Brain Synapses of Children with Autism


The surplus synapses – places where neurons connect and communicate – are due to a lack of “pruning” that normally occurs early in life.

In mice with autistic traits, scientists were able to restore synaptic pruning and reduce symptoms with a drug used to suppress the immune systems of transplant patients.

The drug, rapamycin, has side effects that make it unsuitable as an autism treatment. But the discovery opens up exciting possibilities for other therapies based on synaptic pruning.

Excessive synapses could be a fundamental causal factor behind autism, the scientists believe.

“This is an important finding that could lead to a novel and much-needed therapeutic strategy for autism,” said Professor Jeffrey Lieberman, chair of psychiatry at Columbia University Medical Center in New York, where the research took place.

Autism is believed to be triggered by a combination of genetic and environmental factors that impact the developing brain.

During normal brain development, a burst of synapse formation occurs in infancy, especially in the cortex – a region closely linked to autistic behavior.

Pruning removes more than half of these cortical synapses by late adolescence.

Synapses are known to be affected by many genes linked to autism, leading to speculation about the role they play in the condition.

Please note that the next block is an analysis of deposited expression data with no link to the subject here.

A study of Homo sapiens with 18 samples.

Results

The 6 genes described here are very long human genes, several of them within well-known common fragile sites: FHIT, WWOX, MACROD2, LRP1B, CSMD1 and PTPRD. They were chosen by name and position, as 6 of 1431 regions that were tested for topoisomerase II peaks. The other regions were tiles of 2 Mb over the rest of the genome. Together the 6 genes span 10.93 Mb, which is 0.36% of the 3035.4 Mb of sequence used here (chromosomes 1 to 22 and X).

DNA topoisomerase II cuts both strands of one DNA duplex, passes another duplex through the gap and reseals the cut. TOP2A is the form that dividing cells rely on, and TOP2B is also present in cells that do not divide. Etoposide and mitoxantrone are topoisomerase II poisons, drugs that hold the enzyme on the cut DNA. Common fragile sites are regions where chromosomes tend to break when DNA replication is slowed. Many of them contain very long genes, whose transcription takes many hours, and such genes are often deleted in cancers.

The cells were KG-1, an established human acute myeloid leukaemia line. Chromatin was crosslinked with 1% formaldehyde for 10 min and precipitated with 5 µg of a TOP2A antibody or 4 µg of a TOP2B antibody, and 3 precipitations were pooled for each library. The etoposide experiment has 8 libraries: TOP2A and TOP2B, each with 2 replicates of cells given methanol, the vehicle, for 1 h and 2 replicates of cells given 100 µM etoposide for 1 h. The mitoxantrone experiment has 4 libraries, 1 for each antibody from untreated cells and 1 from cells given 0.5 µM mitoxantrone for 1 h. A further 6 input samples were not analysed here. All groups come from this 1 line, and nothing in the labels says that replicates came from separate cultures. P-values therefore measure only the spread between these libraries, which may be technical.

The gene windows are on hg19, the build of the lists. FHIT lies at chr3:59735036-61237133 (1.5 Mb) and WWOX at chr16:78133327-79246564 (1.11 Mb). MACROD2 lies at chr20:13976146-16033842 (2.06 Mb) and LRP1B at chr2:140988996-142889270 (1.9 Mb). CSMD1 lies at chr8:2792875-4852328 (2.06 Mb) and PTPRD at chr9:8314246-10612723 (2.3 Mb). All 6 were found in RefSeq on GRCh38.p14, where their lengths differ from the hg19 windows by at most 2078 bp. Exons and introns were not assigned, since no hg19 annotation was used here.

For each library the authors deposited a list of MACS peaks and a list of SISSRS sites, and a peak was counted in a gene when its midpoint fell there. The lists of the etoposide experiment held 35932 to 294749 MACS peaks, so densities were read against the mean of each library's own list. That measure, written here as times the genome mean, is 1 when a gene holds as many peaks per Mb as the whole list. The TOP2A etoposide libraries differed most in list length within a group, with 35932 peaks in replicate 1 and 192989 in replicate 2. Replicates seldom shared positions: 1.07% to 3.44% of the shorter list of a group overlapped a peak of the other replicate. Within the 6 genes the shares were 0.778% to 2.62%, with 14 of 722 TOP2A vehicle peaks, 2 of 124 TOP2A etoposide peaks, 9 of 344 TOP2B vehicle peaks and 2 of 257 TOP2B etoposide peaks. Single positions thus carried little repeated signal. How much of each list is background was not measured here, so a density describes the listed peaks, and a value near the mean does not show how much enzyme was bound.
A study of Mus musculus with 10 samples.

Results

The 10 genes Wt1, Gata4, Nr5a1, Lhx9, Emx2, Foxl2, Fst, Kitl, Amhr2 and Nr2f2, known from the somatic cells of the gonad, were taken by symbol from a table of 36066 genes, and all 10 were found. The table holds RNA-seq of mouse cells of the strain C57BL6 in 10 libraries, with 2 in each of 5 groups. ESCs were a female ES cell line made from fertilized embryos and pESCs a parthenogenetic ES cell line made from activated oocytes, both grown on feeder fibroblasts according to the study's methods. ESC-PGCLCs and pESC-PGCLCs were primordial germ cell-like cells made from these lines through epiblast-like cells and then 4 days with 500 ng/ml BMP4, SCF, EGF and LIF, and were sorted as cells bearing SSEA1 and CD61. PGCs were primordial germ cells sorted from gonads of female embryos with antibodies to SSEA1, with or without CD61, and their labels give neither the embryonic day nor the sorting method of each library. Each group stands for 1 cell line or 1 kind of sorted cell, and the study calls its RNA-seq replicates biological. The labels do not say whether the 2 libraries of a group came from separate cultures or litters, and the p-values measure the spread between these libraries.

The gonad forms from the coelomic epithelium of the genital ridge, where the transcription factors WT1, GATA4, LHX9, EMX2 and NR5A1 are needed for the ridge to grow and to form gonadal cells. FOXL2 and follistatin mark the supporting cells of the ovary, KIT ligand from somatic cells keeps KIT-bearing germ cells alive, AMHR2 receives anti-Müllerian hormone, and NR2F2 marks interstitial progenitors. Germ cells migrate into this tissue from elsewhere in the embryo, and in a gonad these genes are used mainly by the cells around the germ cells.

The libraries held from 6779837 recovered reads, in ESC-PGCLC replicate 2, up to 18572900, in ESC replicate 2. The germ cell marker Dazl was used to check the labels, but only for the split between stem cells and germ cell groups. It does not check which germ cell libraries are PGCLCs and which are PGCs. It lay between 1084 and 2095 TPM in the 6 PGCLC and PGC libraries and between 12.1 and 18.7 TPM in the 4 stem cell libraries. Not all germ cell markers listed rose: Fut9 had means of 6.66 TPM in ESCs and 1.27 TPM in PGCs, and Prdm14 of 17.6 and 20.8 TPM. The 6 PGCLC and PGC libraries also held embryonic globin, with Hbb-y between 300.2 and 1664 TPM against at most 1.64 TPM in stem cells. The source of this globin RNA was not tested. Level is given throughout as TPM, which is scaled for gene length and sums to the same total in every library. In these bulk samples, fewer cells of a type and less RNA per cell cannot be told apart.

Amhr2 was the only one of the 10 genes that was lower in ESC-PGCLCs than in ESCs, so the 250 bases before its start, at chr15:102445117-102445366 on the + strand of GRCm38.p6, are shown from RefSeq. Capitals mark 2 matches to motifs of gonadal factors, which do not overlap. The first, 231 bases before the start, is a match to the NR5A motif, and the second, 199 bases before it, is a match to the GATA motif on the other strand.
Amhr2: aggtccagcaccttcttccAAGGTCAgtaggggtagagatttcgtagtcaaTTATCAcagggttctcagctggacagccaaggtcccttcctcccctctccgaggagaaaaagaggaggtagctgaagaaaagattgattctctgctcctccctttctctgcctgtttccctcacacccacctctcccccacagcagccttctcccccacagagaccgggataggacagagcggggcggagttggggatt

How do I feel about this research?

There is an ongoing debate about how much funding should be allocated to research verses how much should go directly to services and awareness.

I?m a big fan of balance. I think research is important.

Will any of this research “fix“ my son and do I want him ‘fixed’?

No. He will probably always be on the autism spectrum under mild, high functioning autism. If he did “graduate“ off the spectrum, then so be it.

Perhaps one day he won?t need services. Or, he might continue to need them until after high school or even into adulthood.

Either way, my son is a marvel. He is who he is. He?s autistic and his brain synapses work they way they do.

However, research is important. We do want the numbers of diagnosed kids with autism to go down. If research can play a role in that, I?m all for it.

Plus, I do find it interesting. I don?t get angry at the thought that scientific research of this type will not help my child because there are lessons to be learned. Scientists are researching the brain, and there?s still a lot of unknowns about the brain.

Therefore, I?m an advocate of research. I see value in it. And, I see value in keep a balance across the board. For my child and for all autistics.